Road & Track sent American F1 hopeful Alexander Rossi around the Circuit of the Americas in a Corvette ZR-1. I find it easier to get a feel for the track from the perspective of a street car instead of watching it in fast-forward from an F1 car. In a recent interview with Cycle World Magazine, MotoGP rider Ben Spies gave some of his insights on the track. He said that the uphill hairpin Turn 1 is great for spectators but really dangerous for the racers because if somebody messes up, they take out a lot of people. He then said the fast esses, Turns 3-6, are the hardest part of the track with the triple right, Turns 16-18, being the easiest since you can treat them all as one constant turn. Spies says the track is awesome but he wishes there was a high-speed fourth gear turn in it somewhere. The footage of Rossi starts with an easy out-lap and then two hot laps from different camera angles.
Indy drive Alex Lloyd is given the opportunity to take the Brock Racing Enterprise Datsun 510 out for a spin. He goes into the historical significance of the car and it’s victories in its class of Trans-Am racing. He then goes onto highlight the car’s quirks and how they relate to the romanticism of vintage race cars.
Road & Track put together this video that takes a closer look at the hybrid cars competing in this year’s 24 hours of Le Mans, the Audi E-Tron Ultra and Toyota TS030. They talk about how each car has different engines, energy storage and even electric motor power delivery.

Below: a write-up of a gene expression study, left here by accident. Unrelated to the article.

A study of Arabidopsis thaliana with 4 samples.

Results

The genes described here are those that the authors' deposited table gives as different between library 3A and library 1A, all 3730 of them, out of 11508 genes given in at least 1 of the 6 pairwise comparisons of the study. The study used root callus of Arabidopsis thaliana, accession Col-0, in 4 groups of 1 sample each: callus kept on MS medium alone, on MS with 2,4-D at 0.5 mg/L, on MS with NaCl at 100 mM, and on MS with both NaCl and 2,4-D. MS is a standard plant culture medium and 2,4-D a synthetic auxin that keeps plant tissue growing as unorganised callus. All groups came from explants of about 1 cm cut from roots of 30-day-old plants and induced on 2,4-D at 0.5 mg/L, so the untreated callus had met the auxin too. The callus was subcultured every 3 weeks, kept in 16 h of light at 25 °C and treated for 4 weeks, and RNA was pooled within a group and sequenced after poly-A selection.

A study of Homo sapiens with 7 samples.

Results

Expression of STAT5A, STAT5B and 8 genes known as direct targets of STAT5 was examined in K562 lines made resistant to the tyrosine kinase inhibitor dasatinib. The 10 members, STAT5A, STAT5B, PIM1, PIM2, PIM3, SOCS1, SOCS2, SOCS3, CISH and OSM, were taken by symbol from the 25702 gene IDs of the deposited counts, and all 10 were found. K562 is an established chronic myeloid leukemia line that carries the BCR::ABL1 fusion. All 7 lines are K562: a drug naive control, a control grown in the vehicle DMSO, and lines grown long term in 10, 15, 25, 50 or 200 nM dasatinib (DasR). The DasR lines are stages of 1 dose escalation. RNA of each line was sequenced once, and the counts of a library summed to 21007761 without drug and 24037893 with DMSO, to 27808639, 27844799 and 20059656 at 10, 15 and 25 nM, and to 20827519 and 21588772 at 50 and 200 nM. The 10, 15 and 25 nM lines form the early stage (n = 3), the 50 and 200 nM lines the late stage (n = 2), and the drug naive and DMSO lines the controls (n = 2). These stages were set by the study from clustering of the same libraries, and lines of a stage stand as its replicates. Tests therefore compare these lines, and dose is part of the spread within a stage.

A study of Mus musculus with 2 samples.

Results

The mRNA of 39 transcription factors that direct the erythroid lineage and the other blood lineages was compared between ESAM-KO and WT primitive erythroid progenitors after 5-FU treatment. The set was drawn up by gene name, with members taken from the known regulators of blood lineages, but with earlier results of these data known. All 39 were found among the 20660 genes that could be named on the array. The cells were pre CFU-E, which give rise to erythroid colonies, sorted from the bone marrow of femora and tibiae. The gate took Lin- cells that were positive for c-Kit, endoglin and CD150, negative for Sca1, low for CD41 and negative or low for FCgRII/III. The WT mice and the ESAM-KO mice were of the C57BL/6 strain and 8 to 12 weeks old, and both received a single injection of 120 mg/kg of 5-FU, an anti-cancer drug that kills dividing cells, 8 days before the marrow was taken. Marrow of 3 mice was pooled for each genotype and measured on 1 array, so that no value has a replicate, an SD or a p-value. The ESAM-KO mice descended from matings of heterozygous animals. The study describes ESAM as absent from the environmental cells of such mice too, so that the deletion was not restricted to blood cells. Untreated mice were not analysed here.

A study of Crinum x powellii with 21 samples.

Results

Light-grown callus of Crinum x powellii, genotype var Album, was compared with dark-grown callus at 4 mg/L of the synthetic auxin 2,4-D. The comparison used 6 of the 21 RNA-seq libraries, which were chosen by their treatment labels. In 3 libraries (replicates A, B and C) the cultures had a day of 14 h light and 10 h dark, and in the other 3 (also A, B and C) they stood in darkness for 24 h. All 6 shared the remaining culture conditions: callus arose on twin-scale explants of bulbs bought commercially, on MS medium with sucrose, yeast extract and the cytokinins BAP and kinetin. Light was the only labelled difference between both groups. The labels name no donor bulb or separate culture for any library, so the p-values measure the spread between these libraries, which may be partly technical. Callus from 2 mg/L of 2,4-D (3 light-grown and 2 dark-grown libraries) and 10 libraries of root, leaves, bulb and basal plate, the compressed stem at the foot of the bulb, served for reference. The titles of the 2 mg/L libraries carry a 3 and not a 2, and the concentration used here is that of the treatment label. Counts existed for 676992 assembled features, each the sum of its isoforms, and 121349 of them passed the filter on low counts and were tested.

Not to be outdone by Motor Trend’s recent sub $28k sports car shootout, Road & Track rounded up the Subaru BRZ, Mazda MX-5 and Hyundai Genesis Coupe with the 2.0 liter turbo engine for a rear wheel drive comparison. Watch the videos before you read my take on them:
As an added bonus they got 2011 Formula D Champion, Daijiro Yoshihara, to see which one he liked drifting the most.
I have yet to see the Scion FR-S / Subaru BRZ lose a comparison yet. The real kicker is that everybody says that it could use more power, but still pick it to win. That just goes to show that Toyota/Subaru really got it right by going back to the basics of rear wheel drive, low center of gravity and light weight. I was very worried that these cars wouldn’t be received well simply because they didn’t make enough power for a modern audience, but it seems that people are actually appreciating the engineering effort that was put into matching the power with the tires, suspension and chassis to create a really high level of overall balance. Even so, it seems Toyota is thinking about covering the power issue.